Jeet Kune Do is a martial art form created by Bruce Lee in 1960. Lee did not consider this form of martial art a style, but a collection of principles to develop the body and mind. The foundation lies in Wing Chun because that was the base of Lee’s martial arts training. Jeet Kune Do borrows techniques from Taekwondo, Wrestling, Boxing and Fencing. The Jeet Kune Do practitioner is encouraged to evolve his martial arts by absorbing those ideas that work for him and discarding those that don’t. Furthermore, a Jeet Kune Do practitioner is encouraged to have no limitations. Since Bruce Lee’s death, Jeet Kune Do has evolved from the original as taught by himself to JKD concepts, which borrows Lee’s original concepts and applies them to other martial art techniques.
History / Origins
The Jeet Kune Do literal translation from Cantonese to English:
- Jeet - means stopping or intercepting
- Kune - means fist
- Do – the way
Jeet Kune Do’s origins are controversial, but legendary. It is said that when Bruce Lee left Hong Kong for America, Ip Man, who was the foremost teacher of Wing Chun and Bruce Lee’s teacher, asked him not to teach any westerners the secrets of Wing Chun. Bruce Lee is said to have been one of the 6 students that were personally taught by Ip Man. But Bruce Lee went on to teach his form of martial arts when he arrived in the United States. Local Kung Fu instructors were not happy and sent Wong Jack Man to challenge Lee to a fight to compel him to close the school he had been operating in Oakland, California. Bruce Lee won the fight in three minutes. He believed that it had taken longer than it needed to because of his Wing Chun training. He decided then that traditional martial arts have rigid techniques that were impractical in real life situations. Lee began working on a system that put emphasis on practicality, efficiency, speed and flexibility. He called this system Jeet Kune Do.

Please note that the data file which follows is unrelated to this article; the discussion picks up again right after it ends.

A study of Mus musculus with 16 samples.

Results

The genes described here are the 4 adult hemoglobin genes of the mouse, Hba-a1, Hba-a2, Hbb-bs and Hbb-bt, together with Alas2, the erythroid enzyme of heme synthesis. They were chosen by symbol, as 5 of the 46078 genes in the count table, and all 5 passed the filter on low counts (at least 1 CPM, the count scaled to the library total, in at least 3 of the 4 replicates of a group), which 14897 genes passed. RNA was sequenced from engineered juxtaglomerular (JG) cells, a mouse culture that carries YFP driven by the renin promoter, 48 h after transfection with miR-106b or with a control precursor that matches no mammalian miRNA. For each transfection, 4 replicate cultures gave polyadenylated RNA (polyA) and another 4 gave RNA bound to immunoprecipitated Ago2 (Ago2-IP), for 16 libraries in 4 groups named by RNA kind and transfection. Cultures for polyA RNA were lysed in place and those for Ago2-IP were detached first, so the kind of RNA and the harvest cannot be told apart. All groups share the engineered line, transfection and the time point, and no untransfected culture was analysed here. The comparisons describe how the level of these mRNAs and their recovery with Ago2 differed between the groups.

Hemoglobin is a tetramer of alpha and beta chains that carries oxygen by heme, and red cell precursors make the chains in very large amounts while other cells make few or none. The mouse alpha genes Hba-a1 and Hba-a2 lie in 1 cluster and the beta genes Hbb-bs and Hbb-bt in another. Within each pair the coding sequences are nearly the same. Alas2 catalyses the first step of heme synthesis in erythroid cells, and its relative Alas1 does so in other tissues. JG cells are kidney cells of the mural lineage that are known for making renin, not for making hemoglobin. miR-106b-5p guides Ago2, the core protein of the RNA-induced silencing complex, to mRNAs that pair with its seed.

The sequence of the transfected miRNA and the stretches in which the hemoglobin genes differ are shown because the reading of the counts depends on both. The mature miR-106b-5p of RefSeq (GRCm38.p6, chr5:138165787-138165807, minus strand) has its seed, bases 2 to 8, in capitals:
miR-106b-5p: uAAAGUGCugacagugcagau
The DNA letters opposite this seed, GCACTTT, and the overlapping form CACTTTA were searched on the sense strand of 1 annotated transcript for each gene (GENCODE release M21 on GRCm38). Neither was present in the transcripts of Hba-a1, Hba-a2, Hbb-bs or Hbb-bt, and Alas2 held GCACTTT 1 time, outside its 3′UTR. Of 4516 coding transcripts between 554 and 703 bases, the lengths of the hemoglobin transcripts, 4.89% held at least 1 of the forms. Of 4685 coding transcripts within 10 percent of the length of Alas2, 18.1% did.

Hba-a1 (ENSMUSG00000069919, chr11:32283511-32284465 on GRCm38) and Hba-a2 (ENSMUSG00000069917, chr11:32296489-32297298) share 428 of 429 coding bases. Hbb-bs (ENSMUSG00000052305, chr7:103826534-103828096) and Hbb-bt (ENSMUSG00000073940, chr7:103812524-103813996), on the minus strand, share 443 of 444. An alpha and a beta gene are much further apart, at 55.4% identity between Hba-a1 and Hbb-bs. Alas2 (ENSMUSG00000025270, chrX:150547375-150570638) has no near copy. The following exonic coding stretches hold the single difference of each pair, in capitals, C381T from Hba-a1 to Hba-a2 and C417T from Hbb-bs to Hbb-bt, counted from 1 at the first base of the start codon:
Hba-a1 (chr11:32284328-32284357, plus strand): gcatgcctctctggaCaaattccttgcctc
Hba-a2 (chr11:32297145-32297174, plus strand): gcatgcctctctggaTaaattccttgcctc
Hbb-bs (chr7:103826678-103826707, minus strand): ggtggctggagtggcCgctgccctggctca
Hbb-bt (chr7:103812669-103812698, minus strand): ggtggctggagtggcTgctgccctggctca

Jeet Kune Do is considered by many to be the first Mixed Martial Arts system to be developed outside of Asia. Since Bruce Lee’s death, there are two schools or systems that are being taught. One is based on the original Jeet Kune Do as developed and practiced by Bruce Lee and the other is a modern Jeet Kune Do that uses the concepts taught by Lee to advance methods and techniques borrowed from various martial arts techniques. Bruce Lee was interested in improving not only his fighting style, but finding a philosophy that he could apply in life as well. For most practitioners, this is what Jeet Kune Do will always be - a philosophy on how to live their lives.
Jeet Kune Do is still considered to be a relatively new form of martial art, but there are legends and myths that have been spread, particularly after the death of Bruce Lee and subsequent death of his son Brandon Lee. Both deaths are shrouded in mystery that lends itself to mythical stories about the supernatural. The origins of this martial art form are legendary in their own, whether they got told from Ip Man’s rejection of Lee for teaching Wing Chun to foreigners, or taken from the Wong Jack Man challenge. Bruce Lee remains the interesting figure, the man who dedicated his time learning about other martial arts, philosophy and the science of human endurance from both a physical and psychological standpoint.